The global pandemic of COVID-19 has triggered a worldwide economic depression. As the result of central bank policies, hyperinflation, and macroeconomic instability, countries around the world have suffered from currency volatility and depreciation. During the same period, the crypto market has achieved a rapid expansion. Individual investors, listed companies, and even national governments have noticed the perks of cryptocurrencies like Bitcoin. However, cryptocurrencies have also been closely monitored by national regulators. Some governments have expressly banned cryptocurrencies, whereas others have adopted an open and inclusive stance on the matter.
The first country we should mention is El Salvador, which is the first country that has adopted Bitcoin as legal tender. In June, after a majority vote, El Salvador’s Legislative Assembly passed the Bitcoin Law, which approves Bitcoin to be used as legal tender in the country. Taking effect on September 7, the Law allows Salvadorians to price goods and services in Bitcoin. Furthermore, citizens can pay taxes with BTC, and businesses cannot refuse Bitcoin payments.
Right after El Salvador’s adoption of Bitcoin, the Republic of Panama, another Central American country, also introduced a bill regulating cryptocurrencies. The bill aims to recognize crypto assets like Bitcoin as an alternative global payment method for any civil or commercial operation not prohibited by the legal system of the Republic of Panama. To explain what the bill is about, Panamanian congressman Gabriel Silva shared a video on Twitter, in which he stressed that “the new legal initiative has the potential to create new sources of revenue for local businesses and generate thousands of jobs”.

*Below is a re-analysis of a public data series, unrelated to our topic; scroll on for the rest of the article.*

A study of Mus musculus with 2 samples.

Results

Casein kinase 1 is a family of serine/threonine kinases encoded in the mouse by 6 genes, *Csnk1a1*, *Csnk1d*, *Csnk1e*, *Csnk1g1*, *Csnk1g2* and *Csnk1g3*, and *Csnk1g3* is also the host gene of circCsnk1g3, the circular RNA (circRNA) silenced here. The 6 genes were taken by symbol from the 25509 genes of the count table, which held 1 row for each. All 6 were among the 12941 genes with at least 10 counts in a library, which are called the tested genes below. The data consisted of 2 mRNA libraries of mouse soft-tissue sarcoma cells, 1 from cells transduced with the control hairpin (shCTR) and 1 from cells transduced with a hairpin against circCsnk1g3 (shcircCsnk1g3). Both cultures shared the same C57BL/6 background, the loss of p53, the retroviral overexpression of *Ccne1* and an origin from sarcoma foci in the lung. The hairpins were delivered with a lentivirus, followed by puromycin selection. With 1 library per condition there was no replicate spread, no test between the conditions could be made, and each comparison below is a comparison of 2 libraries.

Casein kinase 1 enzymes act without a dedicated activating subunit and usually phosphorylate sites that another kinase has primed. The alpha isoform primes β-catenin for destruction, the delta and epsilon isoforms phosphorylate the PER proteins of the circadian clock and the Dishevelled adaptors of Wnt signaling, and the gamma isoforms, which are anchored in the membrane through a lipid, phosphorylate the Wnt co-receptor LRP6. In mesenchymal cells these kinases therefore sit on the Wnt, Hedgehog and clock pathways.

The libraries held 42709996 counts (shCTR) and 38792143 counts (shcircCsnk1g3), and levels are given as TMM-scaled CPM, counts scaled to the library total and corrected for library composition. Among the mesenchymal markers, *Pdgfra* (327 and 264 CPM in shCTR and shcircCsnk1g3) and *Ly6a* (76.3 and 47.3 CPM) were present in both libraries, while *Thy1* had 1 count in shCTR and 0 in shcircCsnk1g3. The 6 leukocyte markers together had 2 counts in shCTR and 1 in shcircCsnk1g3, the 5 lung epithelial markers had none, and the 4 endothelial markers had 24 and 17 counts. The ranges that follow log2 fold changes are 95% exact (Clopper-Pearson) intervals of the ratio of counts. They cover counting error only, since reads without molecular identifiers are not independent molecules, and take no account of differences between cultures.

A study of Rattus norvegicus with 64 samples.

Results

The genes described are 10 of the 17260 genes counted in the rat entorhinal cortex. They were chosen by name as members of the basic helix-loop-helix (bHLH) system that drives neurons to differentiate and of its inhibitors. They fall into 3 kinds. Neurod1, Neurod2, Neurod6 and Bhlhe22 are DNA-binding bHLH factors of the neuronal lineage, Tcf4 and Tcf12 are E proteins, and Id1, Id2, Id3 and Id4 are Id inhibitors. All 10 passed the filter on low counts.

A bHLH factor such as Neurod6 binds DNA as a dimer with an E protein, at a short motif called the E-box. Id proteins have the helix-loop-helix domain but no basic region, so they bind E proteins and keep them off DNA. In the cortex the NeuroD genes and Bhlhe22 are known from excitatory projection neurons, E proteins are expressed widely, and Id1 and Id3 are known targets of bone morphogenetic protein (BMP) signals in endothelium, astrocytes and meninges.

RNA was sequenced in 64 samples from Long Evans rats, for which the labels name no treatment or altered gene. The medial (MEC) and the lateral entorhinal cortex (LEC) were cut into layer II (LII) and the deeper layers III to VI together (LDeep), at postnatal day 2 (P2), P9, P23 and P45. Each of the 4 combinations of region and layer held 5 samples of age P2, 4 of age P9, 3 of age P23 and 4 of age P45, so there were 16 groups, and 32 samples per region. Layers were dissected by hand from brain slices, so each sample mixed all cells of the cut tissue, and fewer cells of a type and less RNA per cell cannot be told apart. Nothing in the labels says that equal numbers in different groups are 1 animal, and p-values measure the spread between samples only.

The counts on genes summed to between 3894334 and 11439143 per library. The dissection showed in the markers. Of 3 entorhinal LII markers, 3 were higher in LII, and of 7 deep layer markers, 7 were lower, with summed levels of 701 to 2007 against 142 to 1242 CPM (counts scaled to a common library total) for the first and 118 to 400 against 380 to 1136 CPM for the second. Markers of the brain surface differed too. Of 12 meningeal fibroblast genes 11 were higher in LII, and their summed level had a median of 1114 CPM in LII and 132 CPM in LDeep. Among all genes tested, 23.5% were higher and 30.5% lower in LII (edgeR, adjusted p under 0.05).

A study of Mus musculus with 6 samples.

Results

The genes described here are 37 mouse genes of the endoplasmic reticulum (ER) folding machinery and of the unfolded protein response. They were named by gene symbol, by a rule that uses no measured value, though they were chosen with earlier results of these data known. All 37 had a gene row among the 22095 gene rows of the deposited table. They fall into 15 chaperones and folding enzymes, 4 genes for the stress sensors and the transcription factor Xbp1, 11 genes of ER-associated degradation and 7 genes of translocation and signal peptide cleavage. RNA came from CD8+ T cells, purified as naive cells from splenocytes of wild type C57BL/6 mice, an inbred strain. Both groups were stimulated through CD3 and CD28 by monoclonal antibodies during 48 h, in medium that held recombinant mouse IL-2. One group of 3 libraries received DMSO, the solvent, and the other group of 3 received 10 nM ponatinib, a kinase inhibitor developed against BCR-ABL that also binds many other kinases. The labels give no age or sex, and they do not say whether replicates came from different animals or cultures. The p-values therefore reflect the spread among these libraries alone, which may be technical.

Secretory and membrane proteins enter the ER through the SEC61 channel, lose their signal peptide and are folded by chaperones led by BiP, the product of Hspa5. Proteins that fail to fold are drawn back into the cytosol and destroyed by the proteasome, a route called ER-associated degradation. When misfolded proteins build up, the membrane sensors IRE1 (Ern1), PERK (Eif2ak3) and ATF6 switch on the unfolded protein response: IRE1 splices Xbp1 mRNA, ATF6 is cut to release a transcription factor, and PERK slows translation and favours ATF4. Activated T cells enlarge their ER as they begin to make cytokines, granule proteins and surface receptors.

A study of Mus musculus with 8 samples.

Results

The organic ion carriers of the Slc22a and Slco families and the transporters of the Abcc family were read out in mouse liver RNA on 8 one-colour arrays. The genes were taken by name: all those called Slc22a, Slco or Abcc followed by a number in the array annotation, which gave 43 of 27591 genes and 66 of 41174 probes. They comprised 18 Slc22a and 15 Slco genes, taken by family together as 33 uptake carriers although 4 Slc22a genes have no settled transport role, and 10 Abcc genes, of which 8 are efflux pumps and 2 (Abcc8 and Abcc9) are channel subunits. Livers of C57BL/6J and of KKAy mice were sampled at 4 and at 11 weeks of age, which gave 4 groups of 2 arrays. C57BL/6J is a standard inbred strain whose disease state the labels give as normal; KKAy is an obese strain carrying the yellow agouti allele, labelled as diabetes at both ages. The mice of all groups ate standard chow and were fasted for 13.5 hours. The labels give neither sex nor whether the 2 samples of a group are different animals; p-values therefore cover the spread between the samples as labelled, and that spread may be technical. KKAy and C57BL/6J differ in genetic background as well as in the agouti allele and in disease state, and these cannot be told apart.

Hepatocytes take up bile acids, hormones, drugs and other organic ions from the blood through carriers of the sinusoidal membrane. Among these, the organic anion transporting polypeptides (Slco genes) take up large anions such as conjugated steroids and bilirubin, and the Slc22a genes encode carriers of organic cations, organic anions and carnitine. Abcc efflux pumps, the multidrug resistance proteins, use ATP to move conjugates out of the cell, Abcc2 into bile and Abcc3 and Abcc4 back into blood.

However, unlike the Salvadoran government, which compels local businesses to accept Bitcoin payments, Panama does not intend to force the acceptance of Bitcoin through its crypto bill.
On September 9 (local time), the Verkhovna Rada, Parliament of Ukraine, passed a bill to legalize and regulate cryptocurrencies with an absolute majority. According to informed sources, the legal process of this bill started in 2020. Right now, it is sitting on the desk of Ukrainian President Vladimir Zelenskiy, who will decide whether to sign it into law. The bill stipulates that though virtual assets cannot be used for payment in the country, they can be legally held and traded by citizens. If crypto companies plan to operate in Ukraine, they will have to be licensed. The draft law “On Virtual Assets” №3637 defines virtual assets that included cryptocurrencies such as Bitcoin, as well as tokenized assets.
Cryptocurrencies have been in a gray area of Ukrainian laws. Though the government allows citizens to buy and trade cryptocurrencies, crypto companies and exchanges are often on the radar of the country’s law enforcement agencies. Like Panama, Ukraine did not give Bitcoin the same status as its legal tender hryvnia in its crypto bill. What is noteworthy is that, according to the relevant media reports, Ukrainian President Vladimir Zelenskiy has sent a team to El Salvador for field surveys. Very likely, the President is planning to take lessons from El Salvador and formulate a “Ukrainized cryptocurrency policy” based on the country’s national realities.
We can tell that though the three countries differ from one another in terms of culture and economic priorities, they all share one feature: Their national economy urgently needs renewed vitality in the face of a low national GDP, a sluggish economy, and low living standards. However, these economies are curbed by the United States. To eliminate the dollar’s control of their economies, many countries are eager to try out the cryptocurrencies that have emerged. Therefore, the legalization of Bitcoin and other cryptocurrencies and adopting them as legal tender is a bold and visionary attempt, and only time will tell where it may lead us.